CBP Offers Tips for a Quick and Safe Easter Holiday Border Crossing Experience
El Paso, Texas - U.S. Customs and Border Protection (CBP) officers at the El Paso port of entry and other area international crossings are providing guidance to assist those travelers who intend to travel between the U.S. from Mexico in the days before the Easter holiday. The tips are designed to ease the crossing process as CBP officers maintain their principal anti-terror mission.
The Easter/Holy Week season is historically one of the busiest travel periods at southwest border crossings. Along with a general 10-15% increase in overall traffic figures, another area that experiences a significant increase in volume is the number of Mexican laser visa card holders who request the I-94 travel documents required to travel beyond the border zone. Applications for I-94's typically double or triple at the El Paso port of entry during the week before Easter.
CBP officers also typically seize large numbers of confetti-filled cascarones in the days leading up to the Easter holiday. The colorful eggshells are prohibited because they may introduce Exotic Newcastle's Disease to the U.S. poultry industry and should not be imported from Mexico. Violators will be subject to penalties.
U.S. citizen travelers are also reminded that this is the first Easter holiday travel season since Western Hemisphere Travel Initiative (WHTI) was implemented at land border crossings last summer. U.S. citizens returning to the U.S. at a land port of entry like El Paso need a U.S. Passport, U.S. Passport card, or other approved WHTI document.
In an effort to provide the best possible service to the traveling public during the upcoming holiday season, CBP officials are proactively reminding members of the traveling public that there are a number of steps they can employ to cross the border as quickly and safely as possible while avoiding violations of U.S. law.
Tip #1 - Travelers should prepare for the inspection process before arriving at the inspection booth. Please have crossing documents available for the inspection including a Western Hemisphere Travel Initiative (WHTI) approved document for U.S. citizens.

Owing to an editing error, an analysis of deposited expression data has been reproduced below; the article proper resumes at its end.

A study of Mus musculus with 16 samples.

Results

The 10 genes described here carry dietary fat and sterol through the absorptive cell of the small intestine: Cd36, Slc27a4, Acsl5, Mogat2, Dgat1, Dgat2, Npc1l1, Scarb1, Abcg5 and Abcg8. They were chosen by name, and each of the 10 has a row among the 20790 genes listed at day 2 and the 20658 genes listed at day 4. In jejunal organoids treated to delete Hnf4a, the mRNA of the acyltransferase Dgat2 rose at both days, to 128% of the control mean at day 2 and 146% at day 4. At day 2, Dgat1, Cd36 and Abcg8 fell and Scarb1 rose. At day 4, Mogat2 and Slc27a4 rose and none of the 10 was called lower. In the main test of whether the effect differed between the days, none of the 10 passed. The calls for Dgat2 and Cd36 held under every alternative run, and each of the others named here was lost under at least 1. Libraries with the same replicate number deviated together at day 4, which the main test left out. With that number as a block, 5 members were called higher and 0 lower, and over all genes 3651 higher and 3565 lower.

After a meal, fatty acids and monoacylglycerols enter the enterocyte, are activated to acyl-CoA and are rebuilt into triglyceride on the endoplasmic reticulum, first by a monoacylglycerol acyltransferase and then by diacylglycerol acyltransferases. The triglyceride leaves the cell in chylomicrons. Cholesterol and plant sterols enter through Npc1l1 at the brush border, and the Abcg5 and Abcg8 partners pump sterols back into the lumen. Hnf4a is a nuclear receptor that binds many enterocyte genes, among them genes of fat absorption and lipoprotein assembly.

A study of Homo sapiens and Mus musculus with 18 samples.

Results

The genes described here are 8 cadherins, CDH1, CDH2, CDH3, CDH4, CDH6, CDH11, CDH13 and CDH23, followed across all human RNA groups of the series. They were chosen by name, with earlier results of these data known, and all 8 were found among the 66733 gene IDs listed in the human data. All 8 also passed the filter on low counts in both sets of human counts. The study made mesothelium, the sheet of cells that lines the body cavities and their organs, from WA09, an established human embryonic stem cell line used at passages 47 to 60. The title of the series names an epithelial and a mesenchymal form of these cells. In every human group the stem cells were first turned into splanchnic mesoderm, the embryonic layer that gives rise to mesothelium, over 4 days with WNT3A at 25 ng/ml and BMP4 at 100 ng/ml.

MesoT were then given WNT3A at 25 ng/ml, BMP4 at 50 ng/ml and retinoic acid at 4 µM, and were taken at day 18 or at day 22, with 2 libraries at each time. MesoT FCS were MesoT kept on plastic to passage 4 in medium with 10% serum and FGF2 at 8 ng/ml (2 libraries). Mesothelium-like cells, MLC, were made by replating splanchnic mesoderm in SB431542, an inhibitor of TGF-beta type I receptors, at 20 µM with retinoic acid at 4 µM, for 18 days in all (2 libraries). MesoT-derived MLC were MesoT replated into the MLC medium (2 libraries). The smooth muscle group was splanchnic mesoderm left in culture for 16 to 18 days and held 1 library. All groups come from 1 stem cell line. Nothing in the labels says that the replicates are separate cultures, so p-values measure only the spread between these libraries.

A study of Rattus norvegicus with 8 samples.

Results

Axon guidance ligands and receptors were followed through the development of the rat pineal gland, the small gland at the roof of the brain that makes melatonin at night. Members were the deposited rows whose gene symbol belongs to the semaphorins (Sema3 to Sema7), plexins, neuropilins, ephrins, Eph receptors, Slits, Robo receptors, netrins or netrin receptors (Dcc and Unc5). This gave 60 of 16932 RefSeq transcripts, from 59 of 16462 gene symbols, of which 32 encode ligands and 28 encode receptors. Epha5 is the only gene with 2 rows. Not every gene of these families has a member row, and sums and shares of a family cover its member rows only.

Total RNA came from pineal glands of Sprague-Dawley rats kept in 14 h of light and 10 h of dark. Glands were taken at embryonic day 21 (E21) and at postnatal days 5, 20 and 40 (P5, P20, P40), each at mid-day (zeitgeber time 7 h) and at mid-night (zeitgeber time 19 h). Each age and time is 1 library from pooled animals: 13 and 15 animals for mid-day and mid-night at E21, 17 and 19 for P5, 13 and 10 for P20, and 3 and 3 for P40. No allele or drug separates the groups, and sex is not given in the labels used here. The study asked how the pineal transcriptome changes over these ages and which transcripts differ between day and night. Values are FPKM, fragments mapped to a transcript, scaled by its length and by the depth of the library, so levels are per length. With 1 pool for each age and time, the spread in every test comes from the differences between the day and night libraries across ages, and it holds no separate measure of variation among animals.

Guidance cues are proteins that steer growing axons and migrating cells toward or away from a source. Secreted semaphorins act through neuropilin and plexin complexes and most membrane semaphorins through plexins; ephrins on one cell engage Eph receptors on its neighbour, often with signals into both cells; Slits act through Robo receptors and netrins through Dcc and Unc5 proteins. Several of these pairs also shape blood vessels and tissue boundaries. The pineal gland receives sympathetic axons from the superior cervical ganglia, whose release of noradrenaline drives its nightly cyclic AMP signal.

Tip #2 - Travelers should declare all items acquired abroad. In addition, individuals should end cellular phone conversations before arriving at the inspection booth.
Tip #3 - Travelers should build extra time into their trips in the event they cross during periods of exceptionally heavy traffic. This includes SENTRI/Dedicated Commuter Lane (DCL) users.
Tip #4 - Travelers are encouraged to visit the "Know Before You Go" section of the CBP website at Know Before You Go to avoid fines and penalties associated with the importation of prohibited items. "Know Before You Go" brochures are available at border ports.
Tip #5 - Consult the CBP website site at CBP Border Wait Times to monitor border crossing times. Information is updated hourly and is useful in planning trips and identifying periods of light use/short waits.
Tip #6 - During periods of heavy travel, border crossers may wish to consider alternative entry routes. For example, they may want to use the nearby and less heavily traveled Fabens or Santa Teresa ports of entry instead of the El Paso port.
Tip #7 - Visit the port of entry to obtain I-94 travel documents in advance of the busiest holiday travel periods. This will allow travelers who require I-94 documents (those planning to travel beyond the border zone or stay in the U.S. for more than 30 days) to bypass those lines when they formally enter the U.S. They will still be subject to the inspection process.
Tip #8 - Travelers approaching an interior Border Patrol checkpoint should have their documents ready to present to the U.S. Border Patrol agent if asked. This will save time.
Tip #9 - Drivers should insure that their vehicles are properly maintained and mechanically sound and that occupants avoid riding in areas of vehicles not specifically designed to carry passengers. Failure to follow these steps can expose crossers/passengers to carbon monoxide.
U.S. Customs and Border Protection is the unified border agency within the Department of Homeland Security charged with the management, control and protection of our nation's borders at and between the official ports of entry. CBP is charged with keeping terrorists and terrorist weapons out of the country while enforcing hundreds of U.S. laws.